Coronavirus Southern Indiana

Southern Indiana health leaders are cautioning Hoosiers about the risk of spreading COVID-19 during year-end holidays.

COVID-19 cases have increased in recent weeks with the emergence of the omicron variant. Health officials in Southern Indiana are worried that could worsen after Christmas and New Year’s Eve.

Clark County Health Officer Dr. Eric Yazel said it’s important that people avoid gatherings if they feel sick. He recommended virtual meetings and phone calls with family and friends instead of physical gatherings, when possible.

“A lot of times there’s flu or other things going around this time of year, and people kind of suck it up and still go to Christmas, or try to still go out on New Year’s, and I mean, this just isn’t the year to do that,” Yazel said.

Only 5% of ICU beds in Southern Indiana are currently available. About 42% of ICU beds are occupied by COVID-19 patients.

Clark and Floyd counties are both in the orange on Indiana’s color-coded COVID-19 map for community spread. That’s the second-highest category.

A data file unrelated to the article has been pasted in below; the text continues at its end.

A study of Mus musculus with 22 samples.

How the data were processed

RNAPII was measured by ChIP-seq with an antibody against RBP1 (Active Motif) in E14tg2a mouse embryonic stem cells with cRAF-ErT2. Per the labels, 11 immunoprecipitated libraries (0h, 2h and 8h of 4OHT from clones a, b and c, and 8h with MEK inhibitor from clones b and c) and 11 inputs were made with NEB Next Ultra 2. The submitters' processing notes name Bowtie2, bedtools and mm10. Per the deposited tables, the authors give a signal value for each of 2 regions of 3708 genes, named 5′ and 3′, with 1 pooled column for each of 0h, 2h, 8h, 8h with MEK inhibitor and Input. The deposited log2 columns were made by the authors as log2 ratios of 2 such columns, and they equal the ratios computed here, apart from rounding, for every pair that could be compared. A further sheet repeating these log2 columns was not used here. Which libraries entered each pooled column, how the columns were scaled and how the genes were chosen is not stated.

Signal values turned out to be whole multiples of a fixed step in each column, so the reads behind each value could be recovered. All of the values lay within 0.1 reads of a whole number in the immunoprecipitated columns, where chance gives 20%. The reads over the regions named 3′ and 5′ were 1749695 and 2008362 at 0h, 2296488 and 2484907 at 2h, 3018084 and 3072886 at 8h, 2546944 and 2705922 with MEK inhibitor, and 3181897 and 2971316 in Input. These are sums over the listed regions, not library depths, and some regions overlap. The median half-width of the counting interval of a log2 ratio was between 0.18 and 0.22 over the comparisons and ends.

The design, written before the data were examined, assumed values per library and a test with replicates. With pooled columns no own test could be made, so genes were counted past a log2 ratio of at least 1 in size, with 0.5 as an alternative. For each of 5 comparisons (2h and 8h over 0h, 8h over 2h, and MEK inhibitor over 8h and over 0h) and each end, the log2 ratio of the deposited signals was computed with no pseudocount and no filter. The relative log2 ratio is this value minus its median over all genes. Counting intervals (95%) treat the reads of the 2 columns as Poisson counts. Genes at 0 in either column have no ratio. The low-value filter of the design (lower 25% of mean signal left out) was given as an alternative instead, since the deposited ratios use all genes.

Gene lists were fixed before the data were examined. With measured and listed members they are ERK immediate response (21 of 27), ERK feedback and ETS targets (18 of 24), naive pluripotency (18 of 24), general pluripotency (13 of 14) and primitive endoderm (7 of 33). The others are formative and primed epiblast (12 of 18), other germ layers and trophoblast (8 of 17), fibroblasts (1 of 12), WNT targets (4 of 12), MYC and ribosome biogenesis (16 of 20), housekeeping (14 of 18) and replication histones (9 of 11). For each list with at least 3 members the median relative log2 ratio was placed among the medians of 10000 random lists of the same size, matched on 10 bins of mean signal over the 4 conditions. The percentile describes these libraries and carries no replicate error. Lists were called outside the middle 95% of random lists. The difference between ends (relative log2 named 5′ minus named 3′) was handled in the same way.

The combined moving average for daily COVID-19 cases for both counties is 84. Louisville and Indiana identified their first omicron cases this week.

Floyd County Health Officer Dr. Tom Harris said the best way to prevent a surge in cases in the coming weeks is vaccination.

“We know that this is safe,” he said. “We know it’s effective. We know that it works, especially even with the new omicron variant. It looks pretty consistently like, if you’ve had the primary series and a booster, that that’s going to be very protective.”

Harris said the lowest vaccine uptake has been among people ages 20 to 40, at about 18%. He said about 13% of people ages 5 to 11 have been vaccinated since the shot was approved for that age group at the end of October.

John is the Health/Southern Indiana Reporter for WFPL. He is a corps member with Report For America, a national service program that places journalists into local newsrooms.